Show Summary Details
Page of

(p. 11) Part 1 Approaches to Security 

(p. 11) Part 1 Approaches to Security
Page of

PRINTED FROM OXFORD POLITICS TROVE (www.oxfordpoliticstrove.com). © Oxford University Press, 2018. All Rights Reserved. Under the terms of the licence agreement, an individual user may print out a PDF of a single chapter of a title in Oxford Politics Trove for personal use (for details see Privacy Policy and Legal Notice).

date: 03 August 2020

This chapter examines realism as a dominant explanation of why and how states have sought security. It first considers the basic features of realist theory, including its emphasis on the implications of international anarchy and the importance of power, before discussing major divisions within the realist family, along with their implications for states’ security policies and war. The most fundamental division is between structural realism and motivational realism. The chapter proceeds by looking at the debate between Kenneth Waltz’s structural realism, offensive realism, and defensive realism. In contrast to Waltz and offensive realism, defensive realism argues that the risks of competition can make cooperation a state’s best strategy. The chapter illustrates how these different arguments result in divergent predictions for how China’s continuing economic growth is likely to influence international security. It suggests that war is more likely when the offence-defence balance favours offence.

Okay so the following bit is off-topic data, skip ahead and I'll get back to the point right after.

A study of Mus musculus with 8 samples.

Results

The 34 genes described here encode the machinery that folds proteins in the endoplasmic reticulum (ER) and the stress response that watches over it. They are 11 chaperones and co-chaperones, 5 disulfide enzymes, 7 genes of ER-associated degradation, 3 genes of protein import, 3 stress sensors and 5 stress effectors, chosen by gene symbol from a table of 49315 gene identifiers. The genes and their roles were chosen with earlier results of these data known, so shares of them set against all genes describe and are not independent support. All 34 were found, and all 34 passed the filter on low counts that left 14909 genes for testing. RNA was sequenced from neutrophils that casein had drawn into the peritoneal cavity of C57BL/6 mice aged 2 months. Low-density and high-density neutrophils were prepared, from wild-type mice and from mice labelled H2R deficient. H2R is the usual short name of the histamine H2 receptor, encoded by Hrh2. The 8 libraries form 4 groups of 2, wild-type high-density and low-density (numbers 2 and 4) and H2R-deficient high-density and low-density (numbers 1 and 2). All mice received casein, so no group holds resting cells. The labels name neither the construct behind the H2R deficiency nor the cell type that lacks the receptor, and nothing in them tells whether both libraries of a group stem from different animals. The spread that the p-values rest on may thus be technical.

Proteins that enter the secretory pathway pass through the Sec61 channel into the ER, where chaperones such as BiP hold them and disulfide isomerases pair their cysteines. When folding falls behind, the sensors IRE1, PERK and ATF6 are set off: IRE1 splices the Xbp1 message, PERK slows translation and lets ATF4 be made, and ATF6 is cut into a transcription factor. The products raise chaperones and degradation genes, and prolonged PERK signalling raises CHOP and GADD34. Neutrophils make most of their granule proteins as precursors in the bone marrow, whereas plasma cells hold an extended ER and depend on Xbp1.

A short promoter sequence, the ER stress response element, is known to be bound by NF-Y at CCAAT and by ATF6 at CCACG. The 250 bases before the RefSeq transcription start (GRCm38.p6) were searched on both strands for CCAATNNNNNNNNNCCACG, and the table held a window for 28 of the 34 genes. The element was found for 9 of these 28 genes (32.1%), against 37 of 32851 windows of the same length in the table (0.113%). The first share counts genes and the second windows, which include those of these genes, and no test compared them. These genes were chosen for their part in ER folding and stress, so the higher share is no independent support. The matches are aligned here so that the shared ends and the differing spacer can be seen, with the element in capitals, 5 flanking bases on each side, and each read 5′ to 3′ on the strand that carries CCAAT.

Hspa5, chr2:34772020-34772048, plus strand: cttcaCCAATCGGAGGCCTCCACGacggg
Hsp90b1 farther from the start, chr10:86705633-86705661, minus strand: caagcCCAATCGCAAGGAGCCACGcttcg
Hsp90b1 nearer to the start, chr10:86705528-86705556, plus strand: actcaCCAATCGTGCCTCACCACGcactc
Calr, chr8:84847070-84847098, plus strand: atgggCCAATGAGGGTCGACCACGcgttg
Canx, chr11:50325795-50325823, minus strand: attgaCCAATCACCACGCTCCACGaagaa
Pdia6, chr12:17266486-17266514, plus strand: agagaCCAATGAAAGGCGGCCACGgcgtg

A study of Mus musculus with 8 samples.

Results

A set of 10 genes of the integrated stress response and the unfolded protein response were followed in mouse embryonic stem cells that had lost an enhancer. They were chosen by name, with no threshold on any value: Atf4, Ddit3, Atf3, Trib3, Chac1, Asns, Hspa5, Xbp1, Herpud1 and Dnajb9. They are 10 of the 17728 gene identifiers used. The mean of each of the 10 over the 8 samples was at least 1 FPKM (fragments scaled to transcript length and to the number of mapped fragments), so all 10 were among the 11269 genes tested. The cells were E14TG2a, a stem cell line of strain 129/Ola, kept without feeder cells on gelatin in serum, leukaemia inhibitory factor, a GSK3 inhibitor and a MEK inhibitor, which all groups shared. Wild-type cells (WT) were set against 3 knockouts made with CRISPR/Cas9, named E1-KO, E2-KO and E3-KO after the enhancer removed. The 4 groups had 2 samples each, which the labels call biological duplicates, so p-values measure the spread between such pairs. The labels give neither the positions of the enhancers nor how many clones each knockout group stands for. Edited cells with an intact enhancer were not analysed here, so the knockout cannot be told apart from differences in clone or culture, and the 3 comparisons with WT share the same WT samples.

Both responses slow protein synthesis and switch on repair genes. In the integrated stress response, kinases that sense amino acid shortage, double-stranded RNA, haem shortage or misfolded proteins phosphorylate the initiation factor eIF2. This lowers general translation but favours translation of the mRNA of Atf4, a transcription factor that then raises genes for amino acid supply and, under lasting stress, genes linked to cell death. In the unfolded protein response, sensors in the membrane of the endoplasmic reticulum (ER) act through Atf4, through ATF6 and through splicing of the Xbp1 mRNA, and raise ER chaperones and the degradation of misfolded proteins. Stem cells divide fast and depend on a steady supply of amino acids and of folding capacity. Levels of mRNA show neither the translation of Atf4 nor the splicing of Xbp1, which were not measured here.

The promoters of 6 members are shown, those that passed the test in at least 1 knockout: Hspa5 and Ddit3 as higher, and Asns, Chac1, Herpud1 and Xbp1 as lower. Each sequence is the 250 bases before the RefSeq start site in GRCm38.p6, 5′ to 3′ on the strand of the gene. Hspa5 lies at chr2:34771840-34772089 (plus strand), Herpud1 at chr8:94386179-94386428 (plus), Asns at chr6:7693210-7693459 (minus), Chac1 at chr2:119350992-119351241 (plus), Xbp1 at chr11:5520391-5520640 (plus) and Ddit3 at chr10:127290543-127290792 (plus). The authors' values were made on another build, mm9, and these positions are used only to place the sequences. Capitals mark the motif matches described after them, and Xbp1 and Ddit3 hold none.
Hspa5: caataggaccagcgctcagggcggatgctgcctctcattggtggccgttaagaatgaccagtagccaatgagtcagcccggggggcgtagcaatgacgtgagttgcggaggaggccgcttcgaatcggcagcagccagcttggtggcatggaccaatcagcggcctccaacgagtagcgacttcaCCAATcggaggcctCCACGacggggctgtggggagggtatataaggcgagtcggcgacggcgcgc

Access to the complete content on Politics Trove requires a subscription or purchase. Public users are able to search the site and view the abstracts and keywords for each book and chapter without a subscription.

Please subscribe or login to access full text content.

If you have purchased a print title that contains an access token, please see the token for information about how to register your code.

For questions on access or troubleshooting, please check our FAQs, and if you can't find the answer there, please contact us.